Monday, December 3, 2012

Religious Studies Today

I don't know if there was ever a time when a student could take a course in religious studies in an American university and actually learn something important about Christianity, but if ever there was, it's long past.

An article at The College Fix surveys 316 religious studies courses in a dozen major American universities and finds them pretty much devoid of any content that could be considered mainstream religious. Instead, what the researchers found were:
2 classes on witchcraft and shamanism;
2 classes on yoga and meditation;
3 classes on sex and religion;
3 classes on death and afterlife beliefs;
4 classes on religion and doubt/various conflicts;
5 classes on science and religion;
5 classes on mysticism;
12 classes on women/gender and religion; and
14 classes on religion and culture.
Some of the electives, the report says, are too difficult to even classify, such as: emergence, from biology to religion; suffering and transformation; anthropology of body and pain; religious dimensions in human experience; sport and spirituality; and a history of apocalyptic thought and movements.
University of Colorado at Denver’s 40-plus religious studies classes include “whores and saints,” “theories of the universe,” “Freudian and Jungian perspectives in dream analysis,” and “spirituality and the modern world.” No electives focused exclusively on Jesus, however.
Tne article goes on to describe the offerings at other schools similar to those at U. of Colorado. What the researchers didn't find in any of the schools surveyed were many courses that seriously addressed traditional Christianity, or the person of Jesus, who, despite the evident lack of academic interest in him, was easily the most influential individual to have ever lived.

It's a shame that universities have wandered so far from their original mission to teach the "best that has been thought and written" in Western civilization. It's equally lamentable that people pay money to have their kids take such courses that neither nourish their minds nor teach them much of anything useful.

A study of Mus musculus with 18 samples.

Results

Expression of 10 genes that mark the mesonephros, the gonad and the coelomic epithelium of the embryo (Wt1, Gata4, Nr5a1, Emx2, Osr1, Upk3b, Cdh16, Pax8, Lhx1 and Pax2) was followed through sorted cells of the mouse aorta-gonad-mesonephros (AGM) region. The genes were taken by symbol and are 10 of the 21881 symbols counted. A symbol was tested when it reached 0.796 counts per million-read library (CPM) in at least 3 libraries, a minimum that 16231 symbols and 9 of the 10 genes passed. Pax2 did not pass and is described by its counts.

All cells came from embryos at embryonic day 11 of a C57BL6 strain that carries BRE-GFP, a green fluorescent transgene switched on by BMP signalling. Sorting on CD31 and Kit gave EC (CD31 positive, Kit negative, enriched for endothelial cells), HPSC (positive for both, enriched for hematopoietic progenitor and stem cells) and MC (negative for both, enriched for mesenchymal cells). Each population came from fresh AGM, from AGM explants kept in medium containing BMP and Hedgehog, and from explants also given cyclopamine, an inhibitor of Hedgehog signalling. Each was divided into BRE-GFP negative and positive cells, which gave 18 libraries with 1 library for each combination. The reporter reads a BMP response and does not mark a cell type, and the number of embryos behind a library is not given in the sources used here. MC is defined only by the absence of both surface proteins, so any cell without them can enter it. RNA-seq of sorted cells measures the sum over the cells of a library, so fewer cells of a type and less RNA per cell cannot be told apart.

Birth Rate Decline

The folks at the Pew Research Center have come up with some startling statistics about birth trends in the U.S. Here's a quick overview:
The U.S. birth rate dipped in 2011 to the lowest ever recorded, led by a plunge in births to immigrant women since the onset of the Great Recession. The overall U.S. birth rate, which is the annual number of births per 1,000 women in the prime childbearing ages of 15 to 44, declined 8% from 2007 to 2010. The birth rate for U.S.-born women decreased 6% during these years, but the birth rate for foreign-born women plunged 14%—more than it had declined over the entire 1990-2007 period. The birth rate for Mexican immigrant women fell even more, by 23%.

Final 2011 data are not available, but according to preliminary data from the National Center for Health Statistics, the overall birth rate in 2011 was 63.2 per 1,000 women of childbearing age. That rate is the lowest since at least 1920, the earliest year for which there are reliable numbers. The overall U.S. birth rate peaked most recently in the Baby Boom years, reaching 122.7 in 1957, nearly double today’s rate. The birth rate sagged through the mid-1970s but stabilized at 65-70 births per 1,000 women for most years after that before falling again after 2007, the beginning of the Great Recession.
There's much more at the link along with lots of charts.

The population replacement rate is about 2.1 children per couple. We fell below that for the first time in the U.S. in 2008. If birth rates are continuing to decline that'll have serious consequences for the future of the country. Fewer people means fewer consumers and fewer taxpayers which means a poorer nation. It also means that entitlement programs for the poor are going to be hard pressed to find the wherewithal to sustain them. It also means that there'll be less revenue coming in to the Treasury to support programs like Social Security and Medicare.

There's much talk in the news about the impending "fiscal cliff," but there's a population cliff looming off in the middle distance, which, if it remains unaddressed, will guarantee that people in their twenties today will be much worse off financially when they hit their forties than were their parents and grandparents.